Since Kai and Ginny were children they’ve been best friends, growing up together, playing in their building’s rooftop rose garden.
Now they are seventeen and their close ties have developed into something more. Something sweet and strong, something with kisses and plans for the future.
With the arrival of a beautiful, enigmatic girl named Mora, however, Ginny sees an abrupt, dramatic change in Kai. And, almost overnight, he and Mora disappear.
Though struggling with the perception by others that Kai may have simply broken up with her in a cruel manner and taken up with a girl he just met, Ginny knows him. She knows Kai would not do this to her.
Despite the small, painful doubts in her heart, Ginny goes after them – after Kai.
She’s armed with a book that Kai’s superstitious grandmother filled with articles and clippings about dangerous, non-human creatures and one being she fear above all others: The Snow Queen.
Searching for Kai is forcing Ginny to be stronger than ever, alone without Kai by her side. If she even finds Kai, will she still be the same person that he loved?
Will he still be capable of love?
Previously I have read Sweetly and Fathomless by Jackson Pearce, and was stunned by both. I have to say that she is fantastic at reimagining fairy tales into a dark, modern-day-world story. She’s done it yet again with Cold Spell.
In a very short amount of pages I am convinced of Kai and Ginny’s love – a love that is mature and based on years of friendship. This was vital to the rest of the story, to believe in this love – and Pearce succeeded, in my opinion.
Just as in the other books in this series, Cold Spell quickly escalates to a level of unease and creepiness mixed with emotional anguish. There’s a seeping sensation of ice cold and melancholy.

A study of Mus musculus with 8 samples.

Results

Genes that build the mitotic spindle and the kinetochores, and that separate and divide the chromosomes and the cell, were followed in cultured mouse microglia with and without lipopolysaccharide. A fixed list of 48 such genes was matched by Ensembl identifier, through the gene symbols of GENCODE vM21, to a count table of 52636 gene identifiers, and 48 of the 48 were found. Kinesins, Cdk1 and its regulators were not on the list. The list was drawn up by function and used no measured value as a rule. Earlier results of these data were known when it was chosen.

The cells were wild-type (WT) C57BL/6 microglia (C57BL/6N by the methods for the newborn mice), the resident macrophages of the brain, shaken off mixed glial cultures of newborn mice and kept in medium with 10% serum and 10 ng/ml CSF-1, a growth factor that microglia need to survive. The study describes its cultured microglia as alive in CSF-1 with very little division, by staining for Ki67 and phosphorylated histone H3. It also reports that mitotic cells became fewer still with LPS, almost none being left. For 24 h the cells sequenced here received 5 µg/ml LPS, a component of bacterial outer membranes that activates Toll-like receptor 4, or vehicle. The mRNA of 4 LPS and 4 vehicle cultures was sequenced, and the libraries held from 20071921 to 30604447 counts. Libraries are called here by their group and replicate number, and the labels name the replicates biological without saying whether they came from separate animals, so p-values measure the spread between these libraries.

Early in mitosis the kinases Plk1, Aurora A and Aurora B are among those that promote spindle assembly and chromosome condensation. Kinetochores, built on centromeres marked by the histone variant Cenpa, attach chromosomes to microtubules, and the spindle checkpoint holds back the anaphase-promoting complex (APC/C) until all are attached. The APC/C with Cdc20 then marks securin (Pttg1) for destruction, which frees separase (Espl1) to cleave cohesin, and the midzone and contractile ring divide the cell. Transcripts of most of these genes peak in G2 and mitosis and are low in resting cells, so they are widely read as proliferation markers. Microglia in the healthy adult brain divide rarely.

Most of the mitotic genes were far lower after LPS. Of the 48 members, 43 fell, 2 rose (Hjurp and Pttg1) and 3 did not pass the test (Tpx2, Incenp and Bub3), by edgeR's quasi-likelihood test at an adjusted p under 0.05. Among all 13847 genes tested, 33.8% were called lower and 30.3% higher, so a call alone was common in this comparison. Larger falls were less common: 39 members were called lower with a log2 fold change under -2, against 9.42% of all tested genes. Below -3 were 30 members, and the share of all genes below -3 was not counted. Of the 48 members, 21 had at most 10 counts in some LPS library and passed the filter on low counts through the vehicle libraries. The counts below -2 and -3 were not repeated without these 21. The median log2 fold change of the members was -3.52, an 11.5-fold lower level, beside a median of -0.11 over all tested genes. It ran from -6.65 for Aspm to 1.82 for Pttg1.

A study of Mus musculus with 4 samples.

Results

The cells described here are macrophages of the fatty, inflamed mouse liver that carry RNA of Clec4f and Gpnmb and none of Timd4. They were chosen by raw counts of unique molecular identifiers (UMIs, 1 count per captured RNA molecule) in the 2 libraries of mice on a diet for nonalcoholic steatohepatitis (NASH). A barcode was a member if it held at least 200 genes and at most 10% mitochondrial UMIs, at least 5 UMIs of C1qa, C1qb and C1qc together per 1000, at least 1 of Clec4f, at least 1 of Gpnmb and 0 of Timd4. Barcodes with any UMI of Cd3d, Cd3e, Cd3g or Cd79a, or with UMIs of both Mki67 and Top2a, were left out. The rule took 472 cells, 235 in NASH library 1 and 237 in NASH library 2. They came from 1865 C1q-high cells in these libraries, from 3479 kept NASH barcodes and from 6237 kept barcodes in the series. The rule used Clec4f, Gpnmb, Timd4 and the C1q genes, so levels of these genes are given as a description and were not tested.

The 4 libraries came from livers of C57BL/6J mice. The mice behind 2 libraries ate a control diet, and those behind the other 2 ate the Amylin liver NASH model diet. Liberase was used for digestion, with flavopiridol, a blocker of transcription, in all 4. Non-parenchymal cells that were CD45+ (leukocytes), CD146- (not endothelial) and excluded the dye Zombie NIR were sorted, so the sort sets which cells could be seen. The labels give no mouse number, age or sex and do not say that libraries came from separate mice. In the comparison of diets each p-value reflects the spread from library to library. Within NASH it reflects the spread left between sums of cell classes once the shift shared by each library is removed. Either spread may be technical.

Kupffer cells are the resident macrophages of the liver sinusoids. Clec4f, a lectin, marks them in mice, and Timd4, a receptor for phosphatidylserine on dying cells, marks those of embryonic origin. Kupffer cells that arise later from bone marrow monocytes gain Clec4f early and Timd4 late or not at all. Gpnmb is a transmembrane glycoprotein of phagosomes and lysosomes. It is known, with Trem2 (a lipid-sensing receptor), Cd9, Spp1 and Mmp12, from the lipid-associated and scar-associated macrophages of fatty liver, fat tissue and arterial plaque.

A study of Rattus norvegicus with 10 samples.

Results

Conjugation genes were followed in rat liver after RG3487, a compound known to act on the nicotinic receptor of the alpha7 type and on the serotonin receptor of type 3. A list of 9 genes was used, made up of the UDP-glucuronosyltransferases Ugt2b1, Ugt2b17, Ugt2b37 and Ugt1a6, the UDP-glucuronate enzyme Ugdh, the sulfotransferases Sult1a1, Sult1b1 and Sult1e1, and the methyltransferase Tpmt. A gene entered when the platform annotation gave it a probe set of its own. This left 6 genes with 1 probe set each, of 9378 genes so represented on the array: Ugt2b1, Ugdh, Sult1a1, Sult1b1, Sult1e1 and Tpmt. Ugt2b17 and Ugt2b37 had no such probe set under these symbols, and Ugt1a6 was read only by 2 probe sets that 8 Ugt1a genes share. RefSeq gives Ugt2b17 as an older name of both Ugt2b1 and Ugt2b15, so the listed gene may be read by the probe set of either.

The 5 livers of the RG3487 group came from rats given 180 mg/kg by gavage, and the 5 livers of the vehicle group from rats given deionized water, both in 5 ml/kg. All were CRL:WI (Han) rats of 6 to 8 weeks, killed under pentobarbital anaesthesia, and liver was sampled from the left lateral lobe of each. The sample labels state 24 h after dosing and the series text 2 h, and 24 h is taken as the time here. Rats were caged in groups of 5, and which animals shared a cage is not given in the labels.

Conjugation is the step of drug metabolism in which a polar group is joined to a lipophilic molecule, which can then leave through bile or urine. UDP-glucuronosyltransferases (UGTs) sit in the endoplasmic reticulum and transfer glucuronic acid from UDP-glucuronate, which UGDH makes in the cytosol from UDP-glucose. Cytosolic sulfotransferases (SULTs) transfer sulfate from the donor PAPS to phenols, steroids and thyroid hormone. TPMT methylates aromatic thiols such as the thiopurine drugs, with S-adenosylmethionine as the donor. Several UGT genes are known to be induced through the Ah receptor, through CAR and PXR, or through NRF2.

Cold Spell is spooky, mesmerizing, hypnotic and unique. I appreciate the way each book ties into each other in subtle but important ways – characters are hinted at or return. In the future, after I finally read the very first book Sisters Red (I own it now, it should be this year, ha!), I want to read all four of these books in quick succession to catch all the carry-over more easily.
Here we get a story that is chilling and impossible to put down and stop reading.
I will say that the time spent with the Travellers felt odd and out of place. I tried to go along with it because I loved everything else about Cold Spell, and as that part of the book ended up being rather persistent and lingered through the remainder – I ended up accepting it.
The Travellers just felt less real to me, made it less believable to me as a whole. But, in the end, it didn’t affect the book in a negative way. Cold Spell was just too good.
I felt Ginny’s desperate hope as though it were my own – and my final thoughts were (as noted):
Excellent, excellent, excellent.
What else can I say?
Except I hope Jackson Pearce writes more fairy-tale retellings!!!